There's a shadow over Waitress -- the November 2006 murder of writer-director Adrienne Shelly, which came after production and the film was submitted to Sundance, but before Shelly could be informed of the film's acceptance at the Festival. And that's a tragedy because of the loss of a human life and a talented actress and a bold talent. You'd think it'd be tricky reviewing Waitress -- no one wants to speak ill of the dead -- but the good news is that endorsing and recommending Waitress is easy as, uh, pie. Viewed in the context of no context, Waitress is a light, breezy romantic comedy with a crackerjack cast and a certain degree of faux-Southern charm that never descends to cornpone mawkisness, and also has a whip-smart comedic sensibility in every scene.

Waitress opens with slow-mo shots of food, glorious food -- pudding pouring slow as a lover's caress into a pie crust, apple slices tumbling into cinnamon-sugar with exaggerated glistening glory, scatterings of crumb crust falling like stars. Jenna (Keri Russell) is a pie master, a diva of desserts and a sultan of savories; it's her avocation, and also speaks to her inner moods: thinking about her upcoming challenges, she's planning some new creations -- "I Hate my Husband Pie; I Don't Want Earl's Baby Pie." Earl (Jeremy Sisto) is Jenna's husband - a dim, controlling jerk. Jenna finds solace in pie and the support of her co-workers Becky (Cheryl Hines) and Dawn (Shelly). She also finds that her new physician advising her on all matters pre-natal, Dr. Pomatter (Nathan Fillion) is sweet, cute, kind and handsome -- oh, and married. Which doesn't prevent her from kissing him. Repeatedly.


Often, infidelity is presented as a panacea for romantic troubles in film, but Waitress is so light and charming that we don't mind the cliché; plus, after one or two scenes with Earl, we can absolutely grasp why Jenna would hurl herself -- repeatedly -- into Dr. Pomatter's charming embrace. Russell may have become best-known through her television work, but this lead role lets her shine in an unexpected way -- she actually gets to stretch her acting muscles, as opposed to simply shaking out her mane of curls. Fillion -- best-known for glorified B-material like Firefly and Slither -- also gets to show off an unexpected flair for light, stumbling comedy while playing a romantic lead with a real sense of confusion and sweetness.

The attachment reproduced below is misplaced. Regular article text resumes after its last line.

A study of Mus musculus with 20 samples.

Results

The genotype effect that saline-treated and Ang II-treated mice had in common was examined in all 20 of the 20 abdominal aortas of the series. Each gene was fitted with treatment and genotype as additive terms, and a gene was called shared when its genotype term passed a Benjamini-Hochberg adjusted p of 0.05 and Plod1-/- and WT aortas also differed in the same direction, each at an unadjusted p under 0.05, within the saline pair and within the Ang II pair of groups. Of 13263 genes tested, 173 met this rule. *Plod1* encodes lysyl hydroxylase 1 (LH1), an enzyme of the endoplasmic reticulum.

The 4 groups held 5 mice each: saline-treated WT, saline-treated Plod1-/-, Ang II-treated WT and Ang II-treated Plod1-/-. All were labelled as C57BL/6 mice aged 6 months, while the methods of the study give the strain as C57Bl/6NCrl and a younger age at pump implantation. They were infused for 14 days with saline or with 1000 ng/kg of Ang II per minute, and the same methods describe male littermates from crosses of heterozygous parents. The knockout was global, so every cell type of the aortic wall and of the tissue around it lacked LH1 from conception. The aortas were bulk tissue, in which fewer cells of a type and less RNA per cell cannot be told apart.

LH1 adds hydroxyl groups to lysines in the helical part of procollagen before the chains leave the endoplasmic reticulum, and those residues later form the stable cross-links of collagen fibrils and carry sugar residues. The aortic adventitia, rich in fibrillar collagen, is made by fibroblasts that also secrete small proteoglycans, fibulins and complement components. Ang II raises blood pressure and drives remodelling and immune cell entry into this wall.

At one point in Waitress, Earl goes from being a comically bad husband to being an actively bad husband, and it's jarring; at the same time, Shelly's direction keeps the mix of seriousnes stakes and frivolous comedy smooth. The film also looks wonderful, and the entire cast -- including Eddie Jamieson as an awkward suitor for Dawn's affection and Andy Griffith as the owner and proprietor of the pie shop where Jenna works -- gets the most out of finely-tuned lines of dry wit and big, broad slapstick moments. Waitress was Shelly's sixth film as a director, and its sale to Fox Searchlight isn't just a charitable act towards a fallen artist -- it's a celebration of good-hearted, well-made comedy that will hopefully lead a broader audience to find the work she left behind as her legacy.